Stanford is one of only three hospitals in Northern California that performs this procedure.
During transcatheter aortic valve replacement, we thread thin tubes called catheters through an artery in the leg to reach your heart. We place a new valve made from animal tissue, relieving narrowing called aortic stenosis. This approach avoids opening your chest, putting you on a heart-lung bypass machine, or making an incision in your heart.
Until TAVR became possible, open surgery provided the only treatment for severe stenosis. Our team has helped lead three expansions of TAVR’s use, each involving a different group of people and surgical risk:
Many people cannot undergo surgery to replace their valve because they might not survive the operation or might develop other serious complications. This group includes people who are sicker or previously underwent open-heart surgery. TAVR has given them hope.
TAVR recently gained FDA approval for those at moderate surgical risk as well, providing a choice between an operation and catheter treatment. Surgical heart valve repair or replacement can still provide a good option, helping people who may benefit from a longer-lasting mechanical implant. TAVR offers:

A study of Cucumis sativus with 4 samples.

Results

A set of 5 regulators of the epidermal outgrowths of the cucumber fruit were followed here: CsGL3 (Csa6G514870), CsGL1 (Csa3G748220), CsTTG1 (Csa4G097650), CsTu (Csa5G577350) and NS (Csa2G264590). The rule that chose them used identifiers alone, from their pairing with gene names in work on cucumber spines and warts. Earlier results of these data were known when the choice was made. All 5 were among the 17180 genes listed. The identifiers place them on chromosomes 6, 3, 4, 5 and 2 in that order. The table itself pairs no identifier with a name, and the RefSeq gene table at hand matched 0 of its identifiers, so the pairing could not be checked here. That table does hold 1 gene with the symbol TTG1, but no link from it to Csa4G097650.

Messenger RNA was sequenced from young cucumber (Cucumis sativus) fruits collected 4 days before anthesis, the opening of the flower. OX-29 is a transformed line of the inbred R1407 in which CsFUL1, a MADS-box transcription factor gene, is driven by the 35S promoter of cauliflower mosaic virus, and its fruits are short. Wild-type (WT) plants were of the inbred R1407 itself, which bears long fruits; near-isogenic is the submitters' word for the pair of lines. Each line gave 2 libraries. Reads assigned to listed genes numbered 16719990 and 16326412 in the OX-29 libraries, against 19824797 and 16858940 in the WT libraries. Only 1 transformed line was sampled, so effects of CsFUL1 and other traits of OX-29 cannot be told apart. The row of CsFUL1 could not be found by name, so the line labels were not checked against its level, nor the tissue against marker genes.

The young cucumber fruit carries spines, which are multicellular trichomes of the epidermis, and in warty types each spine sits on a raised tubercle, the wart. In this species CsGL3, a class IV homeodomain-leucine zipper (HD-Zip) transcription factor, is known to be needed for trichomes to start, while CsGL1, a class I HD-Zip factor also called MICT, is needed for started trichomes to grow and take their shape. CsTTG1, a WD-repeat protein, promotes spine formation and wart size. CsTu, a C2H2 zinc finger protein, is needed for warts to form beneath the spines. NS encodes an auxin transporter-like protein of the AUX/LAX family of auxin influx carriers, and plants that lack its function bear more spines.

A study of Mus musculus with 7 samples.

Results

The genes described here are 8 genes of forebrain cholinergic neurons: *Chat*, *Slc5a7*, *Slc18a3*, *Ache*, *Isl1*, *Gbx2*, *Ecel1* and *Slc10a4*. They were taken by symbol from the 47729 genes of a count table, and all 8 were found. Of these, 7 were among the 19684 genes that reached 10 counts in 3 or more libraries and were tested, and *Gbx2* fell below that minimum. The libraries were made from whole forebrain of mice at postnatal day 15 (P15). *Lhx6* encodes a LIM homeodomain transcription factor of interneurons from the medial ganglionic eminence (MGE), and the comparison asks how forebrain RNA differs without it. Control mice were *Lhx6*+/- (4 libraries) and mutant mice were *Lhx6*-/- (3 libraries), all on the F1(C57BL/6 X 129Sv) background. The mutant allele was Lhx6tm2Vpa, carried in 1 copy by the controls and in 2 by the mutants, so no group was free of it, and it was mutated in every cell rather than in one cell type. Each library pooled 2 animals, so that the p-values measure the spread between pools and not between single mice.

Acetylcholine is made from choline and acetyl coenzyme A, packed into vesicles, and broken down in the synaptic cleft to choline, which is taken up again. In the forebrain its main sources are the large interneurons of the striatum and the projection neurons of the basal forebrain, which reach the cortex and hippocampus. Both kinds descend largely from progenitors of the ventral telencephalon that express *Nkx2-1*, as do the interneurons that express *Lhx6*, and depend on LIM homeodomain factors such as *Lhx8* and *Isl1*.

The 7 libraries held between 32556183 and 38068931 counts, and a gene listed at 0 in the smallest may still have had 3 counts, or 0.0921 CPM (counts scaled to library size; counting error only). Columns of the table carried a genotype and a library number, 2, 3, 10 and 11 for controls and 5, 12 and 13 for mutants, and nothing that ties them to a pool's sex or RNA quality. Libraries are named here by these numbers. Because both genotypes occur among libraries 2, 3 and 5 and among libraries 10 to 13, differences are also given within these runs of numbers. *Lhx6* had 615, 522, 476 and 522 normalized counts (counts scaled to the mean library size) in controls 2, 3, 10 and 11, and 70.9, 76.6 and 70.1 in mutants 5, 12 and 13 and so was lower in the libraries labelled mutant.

Less pain immediately after treatment
We now participate in a clinical trial studying whether TAVR’s safety and effectiveness matches an operation for people with low surgical risk.
At 86, John Grigsby walks a mile and a half every day. Months prior, he could scarcely make it across the room. Grigsby was suffering from severe aortic stenosis.
We strive to see new patients within one to two weeks. Each of our doctors sees patients in the clinic once a week. Other time obligations include performing procedures, routine patient management, and research and academic commitments.
PREPARE FOR YOUR APPOINTMENT
If your medical records have not yet been received by our office, one of our staff will advise you on obtaining them, including:
Stanford Health Care provides comprehensive services to refer and track patients, as well as the latest information and news for physicians and office staff. For help with all referral needs and questions, visit Referring Physicians.
HOW TO REFER
Call our office at 650-725-2687.
Fax a referral form with supporting documentation to 650-320-9443.